The Deal Between Greece and the EU ? Time for Mass Mobilisation

Syriza EU Deal CollagePublished: 24 Feb 2015
Author: Jonathan Clyne (a member of TSN)




The new deal between the Syriza-led Greek Government and the EU Finance Ministers appears to leave things more or less unchanged: in effect postponing a confrontation for four months.

However, on the Left, reactions to the agreement have been sharply different. On one side, some have said that ?Varoufakis?s strategy was pure genius, mainly because it knocked the EU finance ministers off balance and threw the process into turmoil?, and by the EU leaders agreeing to the deal ?they would be acknowledging (and, tacitly, approving) Greece?s determination to make the program less punitive in the future.?

At the other extreme, the deal has been presented as a ?betrayal?, the result of not going for a full blown socialist revolution. Somewhere in between these positions, there is the view that ?we should give the government a chance?. That they need a breathing space after just getting elected.

All these views miss the point. They do not relate to the hopes and aspirations of Greeks of finally getting politicians that keep what they promise. Success in politics, for those that oppose the establishment is not decided by being ?clever? either with tactics or slogans nor by being ?patient?, but by mobilisation.

The ruling class can always afford to hold out, it has an army of paid propagandists, bureaucrats, and people in prominent positions throughout society, never mind control over the monopoly of violence, that can chip away day by day undermining the enemy. The working class has numbers, creativity, justice, solidarity and organisation that when set in motion is an overwhelming force. However, to get it all together a focus is needed. Such a focus has been opposing the troika and stopping austerity. That swept Syriza to power. And the first impression that Syriza was actually implementing what it promised increased support for them and for confrontation with the Troika to levels that would have been unthinkable a few months ago. However, the new deal will not inspire confidence that the government will keep its promises.

Had the Syriza government used that momentum to mobilize one million on the streets of Athens against the Troika, sent 100 000 Greeks to Berlin and encouraged other Europeans to join them, as well as sending delegations to all those affected by austerity in Europe, the Troika would have come under huge pressure to back down and make a deal favourable to the Greek people. After 10 million workers occupied their factories in France in 1968, de Gaulle gave the trade unions everything they wished for. A large scale mobilisation would have scared the living daylights out of not only the Troika, but every single government in Europe. Suddenly, they would smell the evaporation of the apathy that they have relied upon to keep them in power and push through austerity.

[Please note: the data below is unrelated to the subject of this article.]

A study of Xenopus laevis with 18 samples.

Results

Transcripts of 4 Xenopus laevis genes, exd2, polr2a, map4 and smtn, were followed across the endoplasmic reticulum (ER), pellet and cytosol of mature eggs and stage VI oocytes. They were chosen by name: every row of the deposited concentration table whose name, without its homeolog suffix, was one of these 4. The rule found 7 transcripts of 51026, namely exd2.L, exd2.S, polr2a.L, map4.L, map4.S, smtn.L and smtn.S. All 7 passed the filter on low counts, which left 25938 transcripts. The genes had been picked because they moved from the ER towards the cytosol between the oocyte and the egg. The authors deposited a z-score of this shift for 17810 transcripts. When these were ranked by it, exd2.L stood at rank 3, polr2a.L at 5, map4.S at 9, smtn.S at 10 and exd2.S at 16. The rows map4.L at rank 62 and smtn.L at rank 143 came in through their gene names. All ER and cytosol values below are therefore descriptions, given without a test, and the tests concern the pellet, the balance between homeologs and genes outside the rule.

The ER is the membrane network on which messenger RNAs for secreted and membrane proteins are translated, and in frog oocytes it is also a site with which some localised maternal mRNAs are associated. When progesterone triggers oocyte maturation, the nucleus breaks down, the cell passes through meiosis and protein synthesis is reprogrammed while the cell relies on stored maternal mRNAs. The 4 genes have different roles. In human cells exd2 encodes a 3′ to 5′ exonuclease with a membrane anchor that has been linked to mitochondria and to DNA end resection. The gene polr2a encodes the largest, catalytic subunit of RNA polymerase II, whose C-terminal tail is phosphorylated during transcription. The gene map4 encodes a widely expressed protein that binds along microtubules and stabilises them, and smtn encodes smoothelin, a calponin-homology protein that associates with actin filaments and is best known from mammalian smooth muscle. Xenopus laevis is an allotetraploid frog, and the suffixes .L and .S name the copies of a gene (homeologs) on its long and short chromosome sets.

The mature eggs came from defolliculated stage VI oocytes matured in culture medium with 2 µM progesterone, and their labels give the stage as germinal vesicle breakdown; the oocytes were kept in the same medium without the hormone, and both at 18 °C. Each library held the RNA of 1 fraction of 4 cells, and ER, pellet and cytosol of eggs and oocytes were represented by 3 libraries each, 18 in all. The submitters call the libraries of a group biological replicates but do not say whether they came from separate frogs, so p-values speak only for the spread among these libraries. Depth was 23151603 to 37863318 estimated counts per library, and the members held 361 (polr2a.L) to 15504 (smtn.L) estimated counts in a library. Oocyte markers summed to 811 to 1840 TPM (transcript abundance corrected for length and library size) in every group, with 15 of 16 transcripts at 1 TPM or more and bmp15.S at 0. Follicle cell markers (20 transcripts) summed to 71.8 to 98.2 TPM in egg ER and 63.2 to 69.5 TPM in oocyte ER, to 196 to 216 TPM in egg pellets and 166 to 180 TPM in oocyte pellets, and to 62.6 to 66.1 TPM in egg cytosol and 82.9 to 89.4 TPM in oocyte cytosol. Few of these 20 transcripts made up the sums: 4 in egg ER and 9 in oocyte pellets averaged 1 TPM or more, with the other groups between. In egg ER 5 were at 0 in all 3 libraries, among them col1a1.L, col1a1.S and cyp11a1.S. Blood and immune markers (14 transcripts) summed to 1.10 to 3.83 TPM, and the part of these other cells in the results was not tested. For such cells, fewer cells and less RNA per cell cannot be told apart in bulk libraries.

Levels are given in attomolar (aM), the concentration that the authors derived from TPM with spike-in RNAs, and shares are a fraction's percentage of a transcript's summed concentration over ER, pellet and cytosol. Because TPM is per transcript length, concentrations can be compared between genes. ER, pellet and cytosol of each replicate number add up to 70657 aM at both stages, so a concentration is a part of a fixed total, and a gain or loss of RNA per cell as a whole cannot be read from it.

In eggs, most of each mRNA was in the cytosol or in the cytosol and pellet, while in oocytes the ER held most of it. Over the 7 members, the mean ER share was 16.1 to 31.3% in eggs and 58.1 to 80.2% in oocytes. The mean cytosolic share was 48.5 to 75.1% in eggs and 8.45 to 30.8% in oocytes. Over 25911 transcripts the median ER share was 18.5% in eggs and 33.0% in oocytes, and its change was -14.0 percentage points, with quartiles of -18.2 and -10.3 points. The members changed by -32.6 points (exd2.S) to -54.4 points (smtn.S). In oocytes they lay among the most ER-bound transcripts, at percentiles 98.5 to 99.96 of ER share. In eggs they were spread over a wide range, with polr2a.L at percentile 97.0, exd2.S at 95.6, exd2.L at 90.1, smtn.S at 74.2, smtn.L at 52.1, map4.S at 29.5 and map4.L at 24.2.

Preparing for the Next Battle
Looking ahead, at the same time as preparing a massive mobilisation for the next repayment deadline, the Greek government needs to introduce capital controls and nationalisation of the banks in order to stop the immediate haemorrhaging of money from Greece. Without doubt, the vast majority of Greeks will support and welcome such measures as they are a logical consequence of fighting the Troika.

The arguments in favour of austerity are already completely disproved, theoretically and in practice. However, winning debates or having genius tactics in negotiations are toothless without mobilisation. Equally wrong is the idea that a government elected to fight the Troika could suddenly switch to fighting for a socialist revolution when it was not elected to do so. A successful struggle against the Troika can open up a vista of achieving a socialist transformation, but first the battle against austerity must be fought to a decisive outcome.

It is impossible to tell if the momentum has been broken to such a degree that it cannot be carried through to when negotiations resume. However, what is clear is that this is not the time to scream about betrayal nor to eulogize the Syriza government?s tactics, nor indeed to be patient. Every nerve must be strained to make sure that the government prepares for a massive mobilisation in four months? time. And that the European working class is ready to support them.